Should doctors be allowed to ask patients about their gun habits?
Physicians acknowledge that they ask their patients questions that, in any other context, would be considered nosy and meddlesome.
They expect to get some pushback. But when physicians in Florida ask whether a patient -- or a young patient’s parent -- has a gun in the home, they are now bracing for a call, and possibly a letter of discipline, from their state’s medical board. Physicians in Indiana and Texas are on notice that for them, too, such questions may soon be limited by law.
Since 2011, Florida has had a law on its books that restricts physicians from making routine inquiries about gun ownership and the storage practices of their patients or their patients’ legal guardians. The state legislatures of Indiana and Texas are currently considering similar bills.
The state of Florida, backed by the National Rifle Assn., has asserted that gun owners need protections from “irrelevant inquiry and record-keeping by physicians regarding firearms.”
But Florida’s law is now at a legal crossroads, and the Journal of the American Medical Association this week weighed in to suggest that when physicians ask their patients about guns, they’re just doing their jobs -- and exercising their First Amendment rights to speak freely.
In a “Medical News & Perspectives” article published online in JAMA on Wednesday, JAMA newswriter Briget M. Kuehn brought physicians up to date on a court ruling that may reverberate through medical practices across the country: a July 2014 court ruling upheld the 2011 Florida law; but the U.S. Court of Appeals 11th Circuit has been asked to reconsider that ruling.
FOR THE RECORD
May 12, 8:59 a.m.: This article identified a JAMA newswriter as Briget M. Kuehn. She is Bridget M. Kuehn.
After the Florida bill was signed into law by Gov. Rick Scott in 2011, several physician groups sued to block its implementation. The American Academy of Pediatrics, American Academy of Family Physicians, and state chapters of the American College of Physicians argued that gun-safety counseling is a physician’s legal and ethical obligation to his or her patients, and that the 2011 Florida law infringes on physicians’ and patients’ freedom of speech.
They won a preliminary injunction from a federal district judge in Atlanta. But last July, a three-member panel of the Court of Appeals 11th Circuit Court found Florida’s law to be “a valid regulation of professional conduct that has only an incidental effect on physicians’ speech.”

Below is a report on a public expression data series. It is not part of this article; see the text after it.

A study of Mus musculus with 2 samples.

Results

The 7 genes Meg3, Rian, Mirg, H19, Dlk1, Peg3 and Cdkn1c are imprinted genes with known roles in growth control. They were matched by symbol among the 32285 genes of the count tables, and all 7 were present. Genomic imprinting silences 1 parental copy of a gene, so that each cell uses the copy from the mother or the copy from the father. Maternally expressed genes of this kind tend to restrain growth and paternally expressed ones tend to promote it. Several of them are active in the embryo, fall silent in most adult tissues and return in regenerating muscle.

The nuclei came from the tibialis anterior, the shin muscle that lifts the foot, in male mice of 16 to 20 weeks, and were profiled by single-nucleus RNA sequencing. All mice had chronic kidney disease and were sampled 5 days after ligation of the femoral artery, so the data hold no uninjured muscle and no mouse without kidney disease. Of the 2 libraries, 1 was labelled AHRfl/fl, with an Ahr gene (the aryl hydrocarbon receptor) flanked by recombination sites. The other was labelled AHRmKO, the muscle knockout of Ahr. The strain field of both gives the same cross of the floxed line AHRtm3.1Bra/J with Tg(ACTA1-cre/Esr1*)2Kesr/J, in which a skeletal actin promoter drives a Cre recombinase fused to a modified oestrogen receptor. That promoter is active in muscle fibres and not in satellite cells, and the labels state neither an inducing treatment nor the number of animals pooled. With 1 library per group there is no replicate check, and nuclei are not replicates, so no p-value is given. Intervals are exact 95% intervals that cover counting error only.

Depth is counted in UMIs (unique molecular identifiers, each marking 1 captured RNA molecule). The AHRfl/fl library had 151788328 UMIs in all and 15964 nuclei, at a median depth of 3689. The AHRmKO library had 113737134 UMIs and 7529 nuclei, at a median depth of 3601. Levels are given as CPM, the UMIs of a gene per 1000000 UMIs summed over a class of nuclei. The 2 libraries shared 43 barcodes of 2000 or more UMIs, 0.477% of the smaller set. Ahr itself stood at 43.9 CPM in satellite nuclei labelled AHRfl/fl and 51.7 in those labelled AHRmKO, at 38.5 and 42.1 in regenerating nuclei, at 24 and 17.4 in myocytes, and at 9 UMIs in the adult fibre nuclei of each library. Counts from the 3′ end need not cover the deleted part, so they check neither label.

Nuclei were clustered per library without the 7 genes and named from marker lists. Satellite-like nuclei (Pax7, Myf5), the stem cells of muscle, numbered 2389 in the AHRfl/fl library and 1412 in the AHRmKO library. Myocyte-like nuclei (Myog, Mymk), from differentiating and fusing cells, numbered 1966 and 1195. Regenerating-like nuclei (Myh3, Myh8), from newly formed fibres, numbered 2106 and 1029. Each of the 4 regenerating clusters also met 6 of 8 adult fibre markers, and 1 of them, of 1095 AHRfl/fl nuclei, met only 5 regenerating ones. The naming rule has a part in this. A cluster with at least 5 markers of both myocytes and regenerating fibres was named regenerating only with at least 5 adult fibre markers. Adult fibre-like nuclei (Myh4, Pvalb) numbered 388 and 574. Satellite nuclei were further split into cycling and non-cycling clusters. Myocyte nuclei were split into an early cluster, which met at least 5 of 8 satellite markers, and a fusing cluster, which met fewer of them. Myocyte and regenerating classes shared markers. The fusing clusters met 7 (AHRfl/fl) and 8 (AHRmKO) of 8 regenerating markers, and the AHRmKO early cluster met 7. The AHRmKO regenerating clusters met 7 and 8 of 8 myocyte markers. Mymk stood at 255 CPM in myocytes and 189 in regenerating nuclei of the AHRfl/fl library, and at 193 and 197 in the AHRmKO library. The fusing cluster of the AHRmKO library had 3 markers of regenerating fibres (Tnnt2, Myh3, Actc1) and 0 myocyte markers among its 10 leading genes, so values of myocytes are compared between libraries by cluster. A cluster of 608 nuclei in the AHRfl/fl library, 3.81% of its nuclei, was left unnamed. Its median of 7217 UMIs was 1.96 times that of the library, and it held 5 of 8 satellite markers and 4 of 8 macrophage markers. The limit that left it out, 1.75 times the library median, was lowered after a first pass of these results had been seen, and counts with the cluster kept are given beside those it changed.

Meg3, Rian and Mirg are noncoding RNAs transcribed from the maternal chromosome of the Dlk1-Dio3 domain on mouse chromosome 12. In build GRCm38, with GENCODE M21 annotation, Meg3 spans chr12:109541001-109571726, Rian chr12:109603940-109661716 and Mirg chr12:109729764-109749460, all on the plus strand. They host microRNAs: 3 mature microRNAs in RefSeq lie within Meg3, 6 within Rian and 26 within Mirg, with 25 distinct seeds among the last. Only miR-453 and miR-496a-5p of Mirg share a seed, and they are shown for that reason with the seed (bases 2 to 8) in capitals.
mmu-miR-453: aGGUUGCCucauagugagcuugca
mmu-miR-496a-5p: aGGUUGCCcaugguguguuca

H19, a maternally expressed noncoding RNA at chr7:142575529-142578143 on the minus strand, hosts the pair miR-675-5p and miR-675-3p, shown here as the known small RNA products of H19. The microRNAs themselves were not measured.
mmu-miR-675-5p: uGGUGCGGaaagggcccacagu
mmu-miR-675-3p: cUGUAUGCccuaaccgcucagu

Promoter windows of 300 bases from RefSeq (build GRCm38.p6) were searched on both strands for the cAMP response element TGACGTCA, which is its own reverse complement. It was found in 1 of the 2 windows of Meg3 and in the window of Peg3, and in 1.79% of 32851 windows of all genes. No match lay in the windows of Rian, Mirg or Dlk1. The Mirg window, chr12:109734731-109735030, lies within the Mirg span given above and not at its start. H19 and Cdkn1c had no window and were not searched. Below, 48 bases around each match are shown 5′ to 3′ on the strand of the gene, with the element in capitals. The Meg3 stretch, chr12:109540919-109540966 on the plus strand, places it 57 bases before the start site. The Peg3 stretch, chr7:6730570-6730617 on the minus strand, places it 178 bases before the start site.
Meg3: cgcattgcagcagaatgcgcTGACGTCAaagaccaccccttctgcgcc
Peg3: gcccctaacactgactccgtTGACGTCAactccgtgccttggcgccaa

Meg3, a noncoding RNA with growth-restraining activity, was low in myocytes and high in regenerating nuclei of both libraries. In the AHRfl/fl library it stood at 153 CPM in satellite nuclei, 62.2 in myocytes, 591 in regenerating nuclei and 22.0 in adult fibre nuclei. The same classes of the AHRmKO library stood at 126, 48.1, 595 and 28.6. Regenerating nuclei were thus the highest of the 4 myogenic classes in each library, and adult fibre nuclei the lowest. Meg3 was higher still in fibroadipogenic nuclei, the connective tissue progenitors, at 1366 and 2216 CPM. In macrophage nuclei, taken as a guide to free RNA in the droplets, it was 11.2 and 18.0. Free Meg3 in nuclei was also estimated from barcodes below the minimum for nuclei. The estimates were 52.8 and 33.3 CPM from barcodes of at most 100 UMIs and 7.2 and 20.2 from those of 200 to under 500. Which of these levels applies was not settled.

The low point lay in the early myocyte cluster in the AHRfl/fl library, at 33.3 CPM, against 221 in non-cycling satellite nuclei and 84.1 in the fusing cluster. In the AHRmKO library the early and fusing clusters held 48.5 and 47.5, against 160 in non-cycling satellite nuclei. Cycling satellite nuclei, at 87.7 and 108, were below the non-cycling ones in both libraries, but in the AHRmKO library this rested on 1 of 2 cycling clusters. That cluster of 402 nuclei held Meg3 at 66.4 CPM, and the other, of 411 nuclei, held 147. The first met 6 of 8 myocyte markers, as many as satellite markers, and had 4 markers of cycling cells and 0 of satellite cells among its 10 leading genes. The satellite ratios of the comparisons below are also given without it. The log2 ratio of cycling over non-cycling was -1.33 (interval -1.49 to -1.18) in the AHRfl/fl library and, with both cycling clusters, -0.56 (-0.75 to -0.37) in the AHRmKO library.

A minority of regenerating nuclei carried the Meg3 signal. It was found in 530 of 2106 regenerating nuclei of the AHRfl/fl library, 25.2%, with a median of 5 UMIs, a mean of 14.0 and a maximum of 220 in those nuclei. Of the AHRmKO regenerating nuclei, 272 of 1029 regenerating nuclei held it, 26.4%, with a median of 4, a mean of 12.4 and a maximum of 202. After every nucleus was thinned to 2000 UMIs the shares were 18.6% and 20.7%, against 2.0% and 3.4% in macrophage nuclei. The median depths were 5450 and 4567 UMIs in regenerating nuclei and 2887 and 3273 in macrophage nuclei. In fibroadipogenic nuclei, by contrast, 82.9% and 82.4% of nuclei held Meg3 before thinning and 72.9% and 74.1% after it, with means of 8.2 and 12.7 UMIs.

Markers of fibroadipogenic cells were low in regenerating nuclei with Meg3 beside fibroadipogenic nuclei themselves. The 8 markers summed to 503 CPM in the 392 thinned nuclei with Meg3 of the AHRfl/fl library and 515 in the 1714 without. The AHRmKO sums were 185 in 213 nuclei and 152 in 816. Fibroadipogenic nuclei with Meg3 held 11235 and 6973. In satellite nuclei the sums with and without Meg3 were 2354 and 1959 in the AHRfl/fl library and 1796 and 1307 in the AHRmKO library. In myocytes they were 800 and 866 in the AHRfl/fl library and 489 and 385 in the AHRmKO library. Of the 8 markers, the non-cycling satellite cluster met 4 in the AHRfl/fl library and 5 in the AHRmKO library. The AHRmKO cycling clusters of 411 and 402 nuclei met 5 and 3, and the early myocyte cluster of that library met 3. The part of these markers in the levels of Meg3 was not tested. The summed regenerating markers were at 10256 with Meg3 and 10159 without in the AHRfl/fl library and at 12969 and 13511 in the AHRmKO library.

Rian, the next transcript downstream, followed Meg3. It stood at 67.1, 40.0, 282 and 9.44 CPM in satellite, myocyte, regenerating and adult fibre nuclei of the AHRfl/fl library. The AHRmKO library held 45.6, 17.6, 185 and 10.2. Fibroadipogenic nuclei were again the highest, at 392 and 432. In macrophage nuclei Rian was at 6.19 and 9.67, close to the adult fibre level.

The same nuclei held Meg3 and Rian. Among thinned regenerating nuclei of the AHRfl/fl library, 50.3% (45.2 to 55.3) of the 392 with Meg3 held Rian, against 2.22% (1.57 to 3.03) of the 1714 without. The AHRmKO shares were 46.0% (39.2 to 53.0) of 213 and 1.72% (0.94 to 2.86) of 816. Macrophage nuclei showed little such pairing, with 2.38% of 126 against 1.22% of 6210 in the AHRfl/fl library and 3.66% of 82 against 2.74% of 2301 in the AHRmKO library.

With support from the American Medical Assn. and the American Bar Assn., the physicians groups have asked all nine judges of the 11th Circuit Court to review its panel’s earlier ruling.
A national survey conducted in 1997 for the Justice Department found that more than half of firearms in private hands were stored unlocked, and 16% were stored unlocked and loaded. That information is certainly dated (largely because the U.S. Congress put tight strictures on the use of taxpayer funds for gun research). But few doubt that if more guns were stored in locked cases, separate from ammunition, the result would be a decrease in firearms injuries, which in 2009 sent 20 kids to the hospital every day and claimed the lives of 453.
Physicians’ groups are growing increasingly restive about gun violence as a public health issue. Both in the public debate over guns and in private consultations with their patients, theirs is thought to be an influential voice.
According to a 2003 study, two-thirds of patients who were counseled briefly about safe-storage practices by their doctor reported that they stored their firearms locked, unloaded and inaccessible to children. Among gun-owning patients who got no such counseling from their physician, only a third said they followed such “triple safe” gun-storage practices.
The Florida law includes an exemption that allows a physician to inquire about guns in the home if he or she “in good faith believes this information is relevant to the patient’s medical care or safety or to the safety of others.” But physicians believe even with this exemption, the law would have a chilling effect on physicians’ inquiries and their willingness to counsel patients on safe gun practices.
“When questions are relevant to the health and safety of the patient, physicians should ask the questions, because that’s what the practice of medicine is all about,” Dr. Garen Wintemute, an emergency physician and gun-injury researcher at University of California Davis told JAMA.
If the July ruling by the 11th Circuit Court of Appeals panel stands, physicians fear not only that Florida doctors will shy from counseling their patients about guns: they worry too that Indiana and Texas will adopt similar laws, with some others following suit. Three other states -- Montana, Minnesota and Missouri -- already have weakened versions of such laws on their books, and measures have been introduced and failed in eight other states.